On Monday night we saw one of the great modern innovation thinkers, Prof. Clay Christensen, speak at the RSA. During a fascinating talk he commented that big corporations are always going to struggle to create ’empowering’ innovation that disrupts business models and creates new markets. Ultimately big business tends to stifle this sort of innovation; it’s simply not in the interests of the business to disrupt it’s own model. Prof. Christensen suggested one answer was to establish a separate ‘incubator’ unit (think Lockheed Martin’s Skunk Works; Xerox’s PARC; United Distillers’ Callitheke).

As many company’s find even this arms-length approach hard to manage successfully, it seems the modern multinational is always going to be under threat from agile start-ups. This leaves them with the choice of either buying up-and-coming competitors (who may not be for sale!) or seeing them erode – and in some cases kill – their business.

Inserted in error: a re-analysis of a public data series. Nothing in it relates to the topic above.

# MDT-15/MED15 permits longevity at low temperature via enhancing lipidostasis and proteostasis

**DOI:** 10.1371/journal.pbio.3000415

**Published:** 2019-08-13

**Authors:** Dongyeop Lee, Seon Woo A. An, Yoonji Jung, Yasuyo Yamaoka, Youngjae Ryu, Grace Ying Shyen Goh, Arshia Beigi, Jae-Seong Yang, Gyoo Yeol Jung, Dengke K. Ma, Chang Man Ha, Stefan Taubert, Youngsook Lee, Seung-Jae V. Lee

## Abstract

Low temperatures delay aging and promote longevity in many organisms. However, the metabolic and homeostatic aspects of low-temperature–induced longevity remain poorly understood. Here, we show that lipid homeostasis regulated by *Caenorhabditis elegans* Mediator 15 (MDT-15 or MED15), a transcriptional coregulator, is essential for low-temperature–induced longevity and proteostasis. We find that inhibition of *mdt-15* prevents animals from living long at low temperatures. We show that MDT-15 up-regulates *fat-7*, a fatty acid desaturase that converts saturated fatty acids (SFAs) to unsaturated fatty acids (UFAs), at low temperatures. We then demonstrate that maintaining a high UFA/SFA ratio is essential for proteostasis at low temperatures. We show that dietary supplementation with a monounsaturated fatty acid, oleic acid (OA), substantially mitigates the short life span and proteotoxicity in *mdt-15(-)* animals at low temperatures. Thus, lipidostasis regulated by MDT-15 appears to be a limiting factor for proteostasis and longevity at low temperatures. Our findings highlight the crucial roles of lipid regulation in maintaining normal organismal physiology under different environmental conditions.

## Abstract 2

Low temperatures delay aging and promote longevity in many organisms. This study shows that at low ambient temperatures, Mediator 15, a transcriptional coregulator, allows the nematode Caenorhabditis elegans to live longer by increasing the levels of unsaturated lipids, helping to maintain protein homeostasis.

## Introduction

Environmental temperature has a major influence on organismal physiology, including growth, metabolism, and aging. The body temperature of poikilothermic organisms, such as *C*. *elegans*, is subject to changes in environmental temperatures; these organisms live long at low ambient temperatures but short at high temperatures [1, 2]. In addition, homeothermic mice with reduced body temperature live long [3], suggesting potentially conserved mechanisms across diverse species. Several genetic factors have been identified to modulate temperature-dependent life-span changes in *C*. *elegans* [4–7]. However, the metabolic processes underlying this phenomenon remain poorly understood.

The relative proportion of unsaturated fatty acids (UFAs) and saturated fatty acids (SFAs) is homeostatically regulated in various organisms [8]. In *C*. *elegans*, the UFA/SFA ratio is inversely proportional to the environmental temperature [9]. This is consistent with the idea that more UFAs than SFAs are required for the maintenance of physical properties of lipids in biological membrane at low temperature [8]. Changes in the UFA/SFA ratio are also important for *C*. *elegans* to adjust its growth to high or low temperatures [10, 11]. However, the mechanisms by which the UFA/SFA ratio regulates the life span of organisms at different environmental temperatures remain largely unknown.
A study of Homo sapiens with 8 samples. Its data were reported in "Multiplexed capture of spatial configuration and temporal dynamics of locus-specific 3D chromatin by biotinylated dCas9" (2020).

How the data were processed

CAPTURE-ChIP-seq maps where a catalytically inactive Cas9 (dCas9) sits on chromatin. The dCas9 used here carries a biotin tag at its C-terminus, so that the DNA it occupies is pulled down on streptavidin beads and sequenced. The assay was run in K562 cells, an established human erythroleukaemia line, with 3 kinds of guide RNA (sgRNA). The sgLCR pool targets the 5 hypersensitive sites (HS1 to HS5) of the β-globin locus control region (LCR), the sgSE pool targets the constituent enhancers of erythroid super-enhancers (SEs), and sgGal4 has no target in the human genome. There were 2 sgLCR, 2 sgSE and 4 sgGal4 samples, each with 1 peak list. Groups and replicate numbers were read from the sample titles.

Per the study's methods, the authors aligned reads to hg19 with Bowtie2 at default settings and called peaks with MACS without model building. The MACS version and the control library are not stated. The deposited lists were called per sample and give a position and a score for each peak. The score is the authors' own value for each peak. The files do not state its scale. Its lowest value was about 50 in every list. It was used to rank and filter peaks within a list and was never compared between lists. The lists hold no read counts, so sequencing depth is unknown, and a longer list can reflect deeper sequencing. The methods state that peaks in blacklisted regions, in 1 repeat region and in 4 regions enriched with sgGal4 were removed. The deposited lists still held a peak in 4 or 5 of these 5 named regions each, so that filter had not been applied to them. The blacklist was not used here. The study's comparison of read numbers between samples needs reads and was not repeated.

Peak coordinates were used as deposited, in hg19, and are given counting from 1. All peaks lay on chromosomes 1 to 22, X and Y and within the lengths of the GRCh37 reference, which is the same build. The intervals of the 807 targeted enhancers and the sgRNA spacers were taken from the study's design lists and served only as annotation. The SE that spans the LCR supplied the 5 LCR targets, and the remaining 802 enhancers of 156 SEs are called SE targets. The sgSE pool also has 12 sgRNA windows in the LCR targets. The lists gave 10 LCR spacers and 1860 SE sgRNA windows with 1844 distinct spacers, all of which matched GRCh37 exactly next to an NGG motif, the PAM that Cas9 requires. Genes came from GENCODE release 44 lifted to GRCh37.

But now there is a new model – faced with the option of trying to keep up or buy up, Diageo, the world’s biggest premium spirits company, has  launched a new programme that might just give it the best of both. Distill Ventures claims to be the ‘world’s first accelerator dedicated to new and growing premium spirits brands.’ Instead of worrying about setting up their own ‘skunk works’ Diageo have effectively decided to run a Dragon’s Den style innovation approach to invest in some of the brightest thinkers with the freshest ideas in the category.

How does each party benefit? For the start-up it gets access to the the experience and some of the resources of a major multinational player, without getting stuck in ‘the company way’ of doing things. For Diageo they get to an up-close-and-personal view of tomorrow’s competition – which should provide real insight into the future of their market and invigorate fresh thinking in their own business. But while this is valuable in itself, the real point of these investments is the significant potential upside for Diageo – any investment includes “a right for Diageo to buy your whole business at a defined point in the future”.

For big business – especially in consumer markets – this is surely a great way to tap into the world of the start-up. Stop trying to create breakthrough innovations that are doomed to fail inside the corporate model; start a Dragon’s Den style investment programme that allows you to tap into the best ideas happening outside your company – and potentially own them in the future.